July has definitely been an amazing month for sky watchers, putting on two spectacular celestial displays during its final days. After the rare “Blood Moon” on July 27-28, which North America, unfortunately, didn’t get a chance to witness outside of media coverage, now comes Mars’ close encounter with our planet, the closest one in the last 15 years.
Ever since its opposition on July 27, which coincided with the “Blood Moon” and saw Mars align with the sun on opposite sides of Earth, the red planet has been inching its way closer to us, appearing increasingly brighter in the night’s sky.
As the Inquisitr previously reported, Mars is currently traveling on the part of its orbit that brings it farther from the sun and closer to our planet. After covering almost 210,000 miles a day to get here, the red planet will be moving into perigee at 3:40 a.m. EDT on July 31 — the orbital point nearest to Earth and farthest from the sun, notes WSB-TV.
This will be the closest that Mars has been to Earth in 15 years and will bring the red planet at a distance of 35.8 million miles (57.6 million kilometers) from our planet, the Inquisitr reported at the end of June.
What does this mean for stargazers? Well, for starters, a great chance to spot Mars with the naked eye.
In the early hours of Tuesday morning, the red planet will be five times brighter than usual — its most dazzling appearance since 2003, when it popped by even closer than it’s expected to come this year.
According to Channel 3000, Mars will be clearly visible in the southern sky and will even outshine Jupiter, being twice as bright as the gas giant — a noteworthy “celestial feat.”
The best time to spot it is just after sunset, with CBC recommending 10 p.m. as the optimum viewing hour. Grabbing a pair of binoculars will grant you an even better view, although it takes a telescope to show you the details of the red planet.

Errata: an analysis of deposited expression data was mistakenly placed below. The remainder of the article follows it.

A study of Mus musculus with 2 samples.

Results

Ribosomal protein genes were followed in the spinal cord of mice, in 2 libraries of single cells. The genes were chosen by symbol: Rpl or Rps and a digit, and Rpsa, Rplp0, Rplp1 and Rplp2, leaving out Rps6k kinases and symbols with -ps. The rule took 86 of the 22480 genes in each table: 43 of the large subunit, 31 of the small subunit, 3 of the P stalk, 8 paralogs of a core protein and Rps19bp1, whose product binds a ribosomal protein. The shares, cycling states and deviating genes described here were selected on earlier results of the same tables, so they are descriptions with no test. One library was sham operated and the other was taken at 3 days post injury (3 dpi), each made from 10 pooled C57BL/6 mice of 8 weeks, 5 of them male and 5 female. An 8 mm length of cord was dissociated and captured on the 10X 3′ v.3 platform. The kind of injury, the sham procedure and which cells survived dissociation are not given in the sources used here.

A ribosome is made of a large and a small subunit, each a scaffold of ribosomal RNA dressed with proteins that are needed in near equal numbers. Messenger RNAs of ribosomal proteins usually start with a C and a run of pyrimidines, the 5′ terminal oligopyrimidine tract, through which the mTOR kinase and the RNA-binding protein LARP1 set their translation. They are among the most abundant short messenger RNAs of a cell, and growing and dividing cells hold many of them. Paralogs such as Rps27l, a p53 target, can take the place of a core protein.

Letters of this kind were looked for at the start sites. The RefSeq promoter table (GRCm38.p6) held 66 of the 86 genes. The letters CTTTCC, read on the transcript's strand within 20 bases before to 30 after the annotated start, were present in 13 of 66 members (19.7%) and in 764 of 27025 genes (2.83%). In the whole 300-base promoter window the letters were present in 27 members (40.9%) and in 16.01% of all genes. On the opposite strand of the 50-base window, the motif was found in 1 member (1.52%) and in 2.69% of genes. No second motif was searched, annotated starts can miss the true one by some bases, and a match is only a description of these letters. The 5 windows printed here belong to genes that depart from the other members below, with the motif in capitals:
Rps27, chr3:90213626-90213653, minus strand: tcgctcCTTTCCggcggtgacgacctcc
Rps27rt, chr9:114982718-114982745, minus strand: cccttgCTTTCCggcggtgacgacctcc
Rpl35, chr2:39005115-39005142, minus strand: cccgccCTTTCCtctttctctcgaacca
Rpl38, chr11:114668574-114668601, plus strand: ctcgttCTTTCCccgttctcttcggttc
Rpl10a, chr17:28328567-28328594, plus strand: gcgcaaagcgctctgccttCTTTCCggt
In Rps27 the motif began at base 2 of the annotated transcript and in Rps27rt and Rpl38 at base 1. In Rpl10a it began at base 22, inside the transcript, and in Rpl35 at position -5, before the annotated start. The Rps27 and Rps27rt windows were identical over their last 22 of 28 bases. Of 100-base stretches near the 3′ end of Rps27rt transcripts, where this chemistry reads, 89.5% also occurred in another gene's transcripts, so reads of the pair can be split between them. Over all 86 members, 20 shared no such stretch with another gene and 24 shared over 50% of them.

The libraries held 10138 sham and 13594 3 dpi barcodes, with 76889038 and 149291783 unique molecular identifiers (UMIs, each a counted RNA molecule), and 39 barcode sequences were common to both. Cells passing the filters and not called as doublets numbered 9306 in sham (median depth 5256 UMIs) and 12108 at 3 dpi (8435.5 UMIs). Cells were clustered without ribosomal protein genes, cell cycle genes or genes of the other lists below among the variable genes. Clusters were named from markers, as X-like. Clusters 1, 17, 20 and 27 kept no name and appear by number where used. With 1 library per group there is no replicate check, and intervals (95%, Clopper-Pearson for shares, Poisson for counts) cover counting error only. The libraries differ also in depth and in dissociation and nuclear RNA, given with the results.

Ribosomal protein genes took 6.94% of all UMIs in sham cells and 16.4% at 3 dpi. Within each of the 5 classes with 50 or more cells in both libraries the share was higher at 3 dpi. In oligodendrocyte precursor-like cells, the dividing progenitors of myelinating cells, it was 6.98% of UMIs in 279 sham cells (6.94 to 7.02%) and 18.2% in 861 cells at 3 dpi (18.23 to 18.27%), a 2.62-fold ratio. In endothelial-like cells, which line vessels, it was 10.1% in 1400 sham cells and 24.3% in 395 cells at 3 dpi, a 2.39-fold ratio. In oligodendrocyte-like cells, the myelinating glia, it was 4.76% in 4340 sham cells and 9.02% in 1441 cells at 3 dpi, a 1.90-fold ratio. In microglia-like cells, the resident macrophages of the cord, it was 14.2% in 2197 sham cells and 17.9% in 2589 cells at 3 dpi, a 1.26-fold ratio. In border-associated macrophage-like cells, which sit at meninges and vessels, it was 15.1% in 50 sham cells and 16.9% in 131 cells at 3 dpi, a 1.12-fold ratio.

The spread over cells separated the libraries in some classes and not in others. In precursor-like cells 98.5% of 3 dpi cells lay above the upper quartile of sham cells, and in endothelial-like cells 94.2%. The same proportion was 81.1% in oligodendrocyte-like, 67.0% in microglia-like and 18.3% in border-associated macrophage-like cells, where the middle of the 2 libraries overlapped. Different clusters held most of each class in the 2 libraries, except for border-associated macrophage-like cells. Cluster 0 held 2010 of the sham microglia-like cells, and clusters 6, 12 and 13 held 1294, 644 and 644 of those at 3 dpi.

As Popular Science points out, Mars will be coming so close to our planet that “under normal circumstances, even amateur astronomers would be able to see features of the surface through telescopes.” This year, however, the red planet is obscured by a global dust storm, as reported by the Inquisitr. The massive dust clouds that are now encompassing the planet are hiding a lot of Mars’ main features.
The images below, captured by the Hubble two years apart while Mars was nearing opposition, reveal what the red planet currently looks like through a telescope, now that it’s covered in a veil of dust.
Nevertheless, the planet-wide dust storm is luckily beginning to subside, Space.com reported on Friday, which means that we’re finally going to get a clearer view of our planetary neighbor during the upcoming weeks.
Mars and Earth are typically 140 million miles (225 million kilometers) apart. While this is the average distance between the two planets, they can be up to 250 million miles (401 million kilometers) from one another.
This makes tomorrow’s astronomical event all the more impressive. During Mars’ last close approach, which occurred on August 27, 2003, the red planet came closer than it had been in nearly 60,000 years, buzzing Earth from a distance of 34.6 million miles (55.8 million kilometers).
While you really don’t want to miss Mars’s close approach on Tuesday, you won’t have to wait too long for the planet to come waltzing back near Earth’s orbit. According to NASA, the next close encounter with the red planet is expected to take place on October 6, 2020.